Martin Pugh’s interest in astronomy coincided with the overwhelming appearance of Comet Hale Bopp in 1997. However, he did not purchase his first telescope and specialist camera until 1999. Inspired by the handful of amateur astrophotographers around at the time, learning and practicing this art form continued over the next few years until the next major equipment upgrade occurred in 2004; just prior to emigrating to Australia.
Then, under dark skies and with his own roll-off roof observatory at his rural property in Yass, astrophotography began in earnest. Martin was able to put all of the theory into practice and secured his first NASA Astronomy Picture of the Day (APOD) (collaboratively with Robert Gendler) on 1 Jun 2006. Since then, Martin has secured 70 APODs. In addition, he has been placed in the following competitions:
- 2008 - South Pacific Star Party – Winner
- 2008 - The David Malin Awards – Deep Sky and overall competition winner.
- 2009 – Astronomy Photographer of Year (Royal Observatory Greenwich) – Deep Sky and overall competition winner.
- 2010 - Astronomy Photographer of Year (Royal Observatory Greenwich) – Runner- up - Deep Sky.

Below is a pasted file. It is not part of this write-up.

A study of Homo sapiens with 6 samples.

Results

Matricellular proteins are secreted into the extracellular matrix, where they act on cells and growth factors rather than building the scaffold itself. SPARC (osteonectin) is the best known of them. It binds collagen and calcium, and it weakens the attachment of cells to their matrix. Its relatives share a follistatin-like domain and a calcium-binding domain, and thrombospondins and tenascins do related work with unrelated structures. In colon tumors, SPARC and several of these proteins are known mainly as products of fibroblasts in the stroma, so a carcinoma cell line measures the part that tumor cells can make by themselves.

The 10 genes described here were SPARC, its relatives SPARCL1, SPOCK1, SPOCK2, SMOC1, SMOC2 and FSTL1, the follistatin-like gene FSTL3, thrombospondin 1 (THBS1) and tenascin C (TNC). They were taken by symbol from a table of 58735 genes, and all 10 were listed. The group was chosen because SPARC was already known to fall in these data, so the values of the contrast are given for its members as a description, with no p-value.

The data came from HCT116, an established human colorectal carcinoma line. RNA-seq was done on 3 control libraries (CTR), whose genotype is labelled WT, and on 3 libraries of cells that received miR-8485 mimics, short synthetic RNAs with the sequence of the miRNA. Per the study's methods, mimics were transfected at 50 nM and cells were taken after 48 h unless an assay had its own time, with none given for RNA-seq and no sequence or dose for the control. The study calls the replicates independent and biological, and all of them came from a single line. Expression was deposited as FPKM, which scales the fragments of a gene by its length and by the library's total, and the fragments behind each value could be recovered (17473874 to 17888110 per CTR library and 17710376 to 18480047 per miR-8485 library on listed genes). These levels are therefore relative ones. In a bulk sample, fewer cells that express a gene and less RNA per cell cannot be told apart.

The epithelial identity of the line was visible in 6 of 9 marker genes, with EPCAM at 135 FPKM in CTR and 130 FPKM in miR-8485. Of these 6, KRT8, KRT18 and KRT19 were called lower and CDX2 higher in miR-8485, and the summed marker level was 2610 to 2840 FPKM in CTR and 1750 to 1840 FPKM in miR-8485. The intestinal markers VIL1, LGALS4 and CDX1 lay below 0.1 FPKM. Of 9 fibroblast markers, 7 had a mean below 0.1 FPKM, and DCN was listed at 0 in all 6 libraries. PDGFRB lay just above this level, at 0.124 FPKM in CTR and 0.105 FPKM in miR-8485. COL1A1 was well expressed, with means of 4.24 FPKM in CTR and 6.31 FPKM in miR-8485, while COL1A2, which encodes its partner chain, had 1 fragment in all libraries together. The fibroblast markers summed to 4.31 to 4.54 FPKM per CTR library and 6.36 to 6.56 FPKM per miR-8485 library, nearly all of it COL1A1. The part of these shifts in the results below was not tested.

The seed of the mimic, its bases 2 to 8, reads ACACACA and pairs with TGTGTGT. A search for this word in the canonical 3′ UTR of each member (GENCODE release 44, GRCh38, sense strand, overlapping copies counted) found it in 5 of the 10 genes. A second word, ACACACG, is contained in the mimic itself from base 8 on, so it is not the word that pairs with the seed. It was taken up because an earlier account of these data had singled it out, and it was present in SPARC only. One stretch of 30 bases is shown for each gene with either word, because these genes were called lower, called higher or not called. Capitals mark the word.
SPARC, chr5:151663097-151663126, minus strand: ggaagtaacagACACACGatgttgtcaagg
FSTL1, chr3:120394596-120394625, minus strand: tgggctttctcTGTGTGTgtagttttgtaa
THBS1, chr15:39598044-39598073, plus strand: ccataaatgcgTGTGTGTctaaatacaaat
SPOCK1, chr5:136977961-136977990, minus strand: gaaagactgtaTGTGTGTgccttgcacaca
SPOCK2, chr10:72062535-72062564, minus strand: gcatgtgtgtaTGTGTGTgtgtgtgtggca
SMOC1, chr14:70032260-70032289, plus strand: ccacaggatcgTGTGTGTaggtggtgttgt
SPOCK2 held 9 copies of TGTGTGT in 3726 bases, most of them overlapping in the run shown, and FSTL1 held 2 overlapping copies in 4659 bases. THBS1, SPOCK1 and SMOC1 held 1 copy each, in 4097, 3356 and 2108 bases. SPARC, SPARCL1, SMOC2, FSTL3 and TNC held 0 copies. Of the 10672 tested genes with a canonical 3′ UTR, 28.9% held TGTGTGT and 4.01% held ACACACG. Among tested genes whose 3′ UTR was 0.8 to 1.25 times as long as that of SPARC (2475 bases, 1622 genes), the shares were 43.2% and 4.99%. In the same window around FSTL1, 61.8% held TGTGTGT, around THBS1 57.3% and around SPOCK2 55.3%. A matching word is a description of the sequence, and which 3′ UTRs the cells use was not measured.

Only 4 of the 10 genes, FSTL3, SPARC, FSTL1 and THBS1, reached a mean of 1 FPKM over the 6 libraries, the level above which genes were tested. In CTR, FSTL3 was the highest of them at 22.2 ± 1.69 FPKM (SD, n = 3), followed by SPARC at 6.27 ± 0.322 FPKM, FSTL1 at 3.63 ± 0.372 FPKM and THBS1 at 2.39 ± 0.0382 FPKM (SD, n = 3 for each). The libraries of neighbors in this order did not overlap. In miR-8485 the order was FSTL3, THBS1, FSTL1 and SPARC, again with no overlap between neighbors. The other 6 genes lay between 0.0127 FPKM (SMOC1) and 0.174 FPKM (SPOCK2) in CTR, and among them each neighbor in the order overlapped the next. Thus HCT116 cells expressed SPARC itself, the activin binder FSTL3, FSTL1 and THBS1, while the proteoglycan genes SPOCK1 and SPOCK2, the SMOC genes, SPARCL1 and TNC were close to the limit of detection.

- 2011 – The David Malin Awards – Deep Sky winner.
- 2012 – Astronomy Photographer of the Year (Royal Observatory Greenwich) – Deep Sky and overall competition winner.
- 2013 - The David Malin Awards – Deep Sky and overall competition winner.
Furthermore, his images have appeared in many science publications, magazines, and videos all over the world and more recently one of his images was also used to create the special effects in the blockbuster movie ‘Interstellar’.
There are also a few ‘crowning moments’ of note, particularly:
- The release of a 3-stamp collectors set by Australia Post, to mark the 2009 International Year of Astronomy, which featured Martin’s image of M78.
- Recognition and placement in the SBIG Hall of Fame.
- Placement of two images (M27 and IC434) in ‘Starstruck’ The Art of Astrophotography exhibition (Bates College Museum of Art).
After 39 years of Naval Service, Martin has now retired and established his own remote imaging, data subscription and telescope hosting business from his home in rural Australia.